One of the beliefs that motivates our kids to do the work we ask them to do, and to do it with care and attention, is teacher credibility. When kids believe that we're good at our jobs, they're more motivated. It's well-vetted in the research (e.g., it appears high on John Hattie's “visible learning” meta-analysis list), and it's commonsensical, too. After all, which kind of administrator are you more motivated to work hard for: one who you feel is bad at her job or one who you feel is great?
So how do our students come to their conclusions about whether or not we're credible? The research suggests that it comes down to CCP: Care, Competence, and Passion.
- Care: Do you care about me as a person? Do you care about my academic growth and achievement?
- Competence: Do you know your content? Do you know how to help me know it? Can you manage our class?
- Passion: Are you passionate about your content area? Are you passionate about the challenge of helping kids learn it? Are you passionate about kids?
So let's make this practical. If we want more kids doing more writing with greater care (and we do), then we need more credible writing teachers all across the school day. How can we become more credible writing teachers? Here are three ideas.
1. Write with them. When we write the assignments that we ask our students to write, it gives us insight into how to best teach those assignments. Also, our doing the writing demonstrates to students, “Wow, this teacher must care about writing — he actually does it with us.” Writing with our students takes time, and I can't always afford it. However, when I do, I know it makes me a sharper teacher, and that makes me more credible to my kids.
2. Speak to the value of writing. The more reasons we can give our students for why writing matters to their lives, the more they'll sense that, when we teach writing, we mean it for their good. Every one of our arguments for the value of writing has a chance of taking root in our students' hearts, blossoming up into the Value belief. (I give some arguments for writing in this article.)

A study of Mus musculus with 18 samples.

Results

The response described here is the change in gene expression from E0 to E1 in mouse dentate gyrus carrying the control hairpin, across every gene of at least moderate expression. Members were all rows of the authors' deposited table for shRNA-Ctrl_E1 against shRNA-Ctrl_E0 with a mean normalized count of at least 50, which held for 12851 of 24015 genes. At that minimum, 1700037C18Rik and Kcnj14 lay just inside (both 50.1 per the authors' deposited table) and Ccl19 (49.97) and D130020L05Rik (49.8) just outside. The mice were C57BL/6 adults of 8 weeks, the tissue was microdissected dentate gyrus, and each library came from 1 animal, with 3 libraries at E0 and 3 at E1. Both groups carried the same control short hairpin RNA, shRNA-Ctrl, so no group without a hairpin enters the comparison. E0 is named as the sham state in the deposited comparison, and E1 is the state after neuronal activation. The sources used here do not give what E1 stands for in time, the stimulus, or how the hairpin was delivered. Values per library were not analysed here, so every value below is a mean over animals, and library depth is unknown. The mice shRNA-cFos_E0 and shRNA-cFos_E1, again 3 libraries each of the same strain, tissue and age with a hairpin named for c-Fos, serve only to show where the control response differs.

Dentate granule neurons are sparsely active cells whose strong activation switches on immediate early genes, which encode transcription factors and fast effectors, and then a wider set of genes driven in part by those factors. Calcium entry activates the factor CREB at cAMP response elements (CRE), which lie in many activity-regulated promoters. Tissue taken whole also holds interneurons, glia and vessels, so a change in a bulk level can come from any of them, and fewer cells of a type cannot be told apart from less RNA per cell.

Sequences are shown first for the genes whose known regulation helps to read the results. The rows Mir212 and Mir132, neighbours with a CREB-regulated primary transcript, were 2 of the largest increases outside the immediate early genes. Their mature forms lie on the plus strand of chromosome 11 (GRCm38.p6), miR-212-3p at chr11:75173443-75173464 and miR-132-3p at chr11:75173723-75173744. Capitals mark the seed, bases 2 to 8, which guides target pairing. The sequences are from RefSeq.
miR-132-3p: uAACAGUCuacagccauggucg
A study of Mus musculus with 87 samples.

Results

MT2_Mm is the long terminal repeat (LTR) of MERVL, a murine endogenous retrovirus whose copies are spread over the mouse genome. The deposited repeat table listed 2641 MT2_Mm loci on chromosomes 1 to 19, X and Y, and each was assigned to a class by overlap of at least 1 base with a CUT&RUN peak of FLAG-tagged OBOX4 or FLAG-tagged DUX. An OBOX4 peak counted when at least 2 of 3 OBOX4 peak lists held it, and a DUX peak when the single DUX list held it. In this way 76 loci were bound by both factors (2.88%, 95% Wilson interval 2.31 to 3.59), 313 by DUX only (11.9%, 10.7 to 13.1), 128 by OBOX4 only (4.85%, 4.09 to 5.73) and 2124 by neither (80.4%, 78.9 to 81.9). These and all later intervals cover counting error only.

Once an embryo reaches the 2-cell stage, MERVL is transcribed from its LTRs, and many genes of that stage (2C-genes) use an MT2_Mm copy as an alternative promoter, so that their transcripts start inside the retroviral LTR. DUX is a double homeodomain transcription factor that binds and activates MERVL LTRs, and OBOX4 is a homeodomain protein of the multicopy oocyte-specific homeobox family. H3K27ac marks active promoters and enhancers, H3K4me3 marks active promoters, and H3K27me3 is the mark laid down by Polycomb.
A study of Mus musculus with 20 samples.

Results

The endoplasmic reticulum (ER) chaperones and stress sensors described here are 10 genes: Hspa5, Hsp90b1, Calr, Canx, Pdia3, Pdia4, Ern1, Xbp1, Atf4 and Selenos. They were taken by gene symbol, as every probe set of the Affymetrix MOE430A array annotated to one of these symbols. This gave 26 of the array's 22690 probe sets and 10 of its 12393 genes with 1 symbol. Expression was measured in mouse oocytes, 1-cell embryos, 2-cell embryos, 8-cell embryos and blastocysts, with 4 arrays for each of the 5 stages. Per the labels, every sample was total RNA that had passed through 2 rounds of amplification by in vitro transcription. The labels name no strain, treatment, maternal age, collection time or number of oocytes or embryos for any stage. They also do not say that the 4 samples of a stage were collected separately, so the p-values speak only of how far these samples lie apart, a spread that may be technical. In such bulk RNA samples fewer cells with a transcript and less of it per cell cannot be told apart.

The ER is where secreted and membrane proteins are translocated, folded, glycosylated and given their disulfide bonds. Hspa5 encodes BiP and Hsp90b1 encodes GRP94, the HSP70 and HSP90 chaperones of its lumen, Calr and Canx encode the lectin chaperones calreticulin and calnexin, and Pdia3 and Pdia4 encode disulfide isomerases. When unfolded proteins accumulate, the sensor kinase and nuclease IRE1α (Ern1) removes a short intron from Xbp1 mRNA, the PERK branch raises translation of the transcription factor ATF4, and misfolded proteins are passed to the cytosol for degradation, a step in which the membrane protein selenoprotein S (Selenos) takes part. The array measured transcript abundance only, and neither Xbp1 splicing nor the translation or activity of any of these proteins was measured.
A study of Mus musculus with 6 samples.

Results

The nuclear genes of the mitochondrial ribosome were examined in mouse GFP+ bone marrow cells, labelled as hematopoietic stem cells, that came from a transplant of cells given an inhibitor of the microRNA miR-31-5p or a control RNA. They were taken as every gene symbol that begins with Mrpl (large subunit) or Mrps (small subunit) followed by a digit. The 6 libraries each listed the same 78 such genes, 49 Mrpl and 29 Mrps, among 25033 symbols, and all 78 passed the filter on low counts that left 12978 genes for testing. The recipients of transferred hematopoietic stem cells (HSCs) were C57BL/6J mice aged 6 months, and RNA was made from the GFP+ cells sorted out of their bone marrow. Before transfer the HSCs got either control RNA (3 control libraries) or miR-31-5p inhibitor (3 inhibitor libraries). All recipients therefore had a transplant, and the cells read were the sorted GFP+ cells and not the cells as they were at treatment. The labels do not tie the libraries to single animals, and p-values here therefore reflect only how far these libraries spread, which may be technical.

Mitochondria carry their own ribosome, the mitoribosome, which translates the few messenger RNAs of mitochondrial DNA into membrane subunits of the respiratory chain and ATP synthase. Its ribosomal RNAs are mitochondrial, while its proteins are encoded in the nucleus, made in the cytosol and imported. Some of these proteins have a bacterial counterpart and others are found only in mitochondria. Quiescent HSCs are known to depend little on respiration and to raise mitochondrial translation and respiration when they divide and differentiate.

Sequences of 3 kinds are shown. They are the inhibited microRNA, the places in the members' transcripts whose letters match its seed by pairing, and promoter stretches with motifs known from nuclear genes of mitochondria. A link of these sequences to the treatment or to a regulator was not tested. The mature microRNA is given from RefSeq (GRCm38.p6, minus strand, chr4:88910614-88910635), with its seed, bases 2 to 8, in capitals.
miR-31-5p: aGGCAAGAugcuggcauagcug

3. Have students periodically connect writing work to their own lives. The Build Connections intervention is perfect for this. When introducing it, I spend 1-2 minutes explaining to my kids that it's important to me that they figure out why writing matters to them, how it connects to their lives. This doesn't mean that I never tell them why I think they should care about writing (see the previous item on this list); it just means that I also make room for them to generate their own reasons for valuing writing, too.
When we do these three things, our kids are more likely to think, “Wow, this teacher cares about me. She knows what she's talking about when it comes to writing instruction, and she's passionate.” In short, they'll find us credible, and that means that they'll learn more, too.
Note from Dave: The credibility belief is one of five I focus on in my classroom and writing. I've actually built a whole online PD course on these five key beliefs — it's schedule-friendly, and current participants are calling it one of the most valuable PD experiences they've ever had. If you're interested in learning more about the summer session, you can sign up for the list here.